Our fourth technique is called focus questions, questions that help you look at a topic from a bunch of different angles. When you have no idea what to say, try one of our sets of focus questions. For example, ask yourself and answer the journalist’s “five W’s”: Who? What? When? Where? Why or how? Another set of focus questions comes from Dr. Elizabeth Neeld. She calls it cubing since it involves examining your subject from six sides. Try this one now. Think of a subject you need to or want to write about. For this exercise, nonfiction ideas work best. Then jot down answers to each of the following six focus questions about your topic:
- Describe it. What are its physical characteristics?
- Define it. What are its essential qualities?
- Compare it. What is it similar to, different from?
- Analyze it. What are its parts?
- Associate from it. What does it remind you of?
- Argue for and against. What are its pros and cons?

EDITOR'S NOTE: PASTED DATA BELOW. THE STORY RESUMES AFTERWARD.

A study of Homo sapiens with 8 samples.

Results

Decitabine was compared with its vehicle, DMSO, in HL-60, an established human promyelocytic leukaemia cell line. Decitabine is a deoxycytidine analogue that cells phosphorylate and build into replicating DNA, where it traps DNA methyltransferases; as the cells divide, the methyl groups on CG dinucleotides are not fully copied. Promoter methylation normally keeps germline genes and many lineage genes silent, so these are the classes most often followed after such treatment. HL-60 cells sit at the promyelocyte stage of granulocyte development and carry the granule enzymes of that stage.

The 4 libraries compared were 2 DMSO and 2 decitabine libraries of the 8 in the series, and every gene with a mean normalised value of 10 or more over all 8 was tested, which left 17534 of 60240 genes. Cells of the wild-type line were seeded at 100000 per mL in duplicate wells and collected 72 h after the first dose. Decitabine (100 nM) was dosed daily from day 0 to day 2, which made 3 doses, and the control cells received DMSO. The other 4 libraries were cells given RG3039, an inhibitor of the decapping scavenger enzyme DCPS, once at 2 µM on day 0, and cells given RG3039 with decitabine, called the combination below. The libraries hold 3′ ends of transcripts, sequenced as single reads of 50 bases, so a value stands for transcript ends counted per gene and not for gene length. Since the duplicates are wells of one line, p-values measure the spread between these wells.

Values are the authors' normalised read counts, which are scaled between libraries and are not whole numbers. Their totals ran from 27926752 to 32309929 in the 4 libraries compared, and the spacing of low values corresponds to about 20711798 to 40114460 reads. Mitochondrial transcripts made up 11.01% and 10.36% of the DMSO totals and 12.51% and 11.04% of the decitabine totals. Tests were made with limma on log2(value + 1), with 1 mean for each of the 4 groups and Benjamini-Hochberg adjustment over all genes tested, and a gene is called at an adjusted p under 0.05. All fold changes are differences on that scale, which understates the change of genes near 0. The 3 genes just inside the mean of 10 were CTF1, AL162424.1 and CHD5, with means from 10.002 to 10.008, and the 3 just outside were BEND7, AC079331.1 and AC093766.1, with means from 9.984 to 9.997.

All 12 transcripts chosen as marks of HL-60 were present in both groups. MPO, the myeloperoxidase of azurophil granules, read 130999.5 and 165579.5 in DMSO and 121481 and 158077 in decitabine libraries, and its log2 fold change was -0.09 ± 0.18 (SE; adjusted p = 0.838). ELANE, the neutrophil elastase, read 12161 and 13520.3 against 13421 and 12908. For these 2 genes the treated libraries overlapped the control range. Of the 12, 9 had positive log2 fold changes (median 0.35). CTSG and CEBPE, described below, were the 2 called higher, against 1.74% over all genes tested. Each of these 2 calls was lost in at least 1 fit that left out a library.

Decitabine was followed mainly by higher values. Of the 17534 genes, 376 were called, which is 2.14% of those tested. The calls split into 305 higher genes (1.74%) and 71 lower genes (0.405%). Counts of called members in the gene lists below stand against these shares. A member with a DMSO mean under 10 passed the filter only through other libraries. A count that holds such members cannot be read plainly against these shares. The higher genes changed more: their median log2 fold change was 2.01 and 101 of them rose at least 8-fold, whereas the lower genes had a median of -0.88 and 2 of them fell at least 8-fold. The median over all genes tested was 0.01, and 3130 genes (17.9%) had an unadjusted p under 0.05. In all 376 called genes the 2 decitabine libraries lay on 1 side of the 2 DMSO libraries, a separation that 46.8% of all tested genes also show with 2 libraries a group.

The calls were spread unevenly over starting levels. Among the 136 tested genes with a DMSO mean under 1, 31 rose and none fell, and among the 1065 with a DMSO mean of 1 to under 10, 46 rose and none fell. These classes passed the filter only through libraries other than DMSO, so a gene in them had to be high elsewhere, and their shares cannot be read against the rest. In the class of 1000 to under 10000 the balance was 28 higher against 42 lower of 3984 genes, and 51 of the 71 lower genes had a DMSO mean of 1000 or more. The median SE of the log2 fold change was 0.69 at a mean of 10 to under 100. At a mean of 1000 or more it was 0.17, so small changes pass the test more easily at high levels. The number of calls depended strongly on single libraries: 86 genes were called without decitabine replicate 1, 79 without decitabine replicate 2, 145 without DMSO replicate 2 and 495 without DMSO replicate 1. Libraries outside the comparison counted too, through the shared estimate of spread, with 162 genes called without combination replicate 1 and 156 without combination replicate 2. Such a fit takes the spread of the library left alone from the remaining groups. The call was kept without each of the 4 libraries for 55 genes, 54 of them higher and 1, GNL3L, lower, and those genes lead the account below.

In case you missed some of the “cubes,” I’ll repeat them. Many people find that focus questions help them be systematic. In fact, if you have to write the same kinds of letters, proposals, or reports often, you can save time by drawing up your own customized list of focus questions. For example, who is the audience? What do they already know? What do they need to know? What else do they need to know? And so on.
Like all the other techniques we’ve discussed so far, focus questions help you discover what you want to say and possible ways to say it. Here as with the previous methods, first, you create the raw material for your piece of writing; then you shape it into a final product.
In the next lesson, we’ll turn to my favorite writing exercise, called Q&A.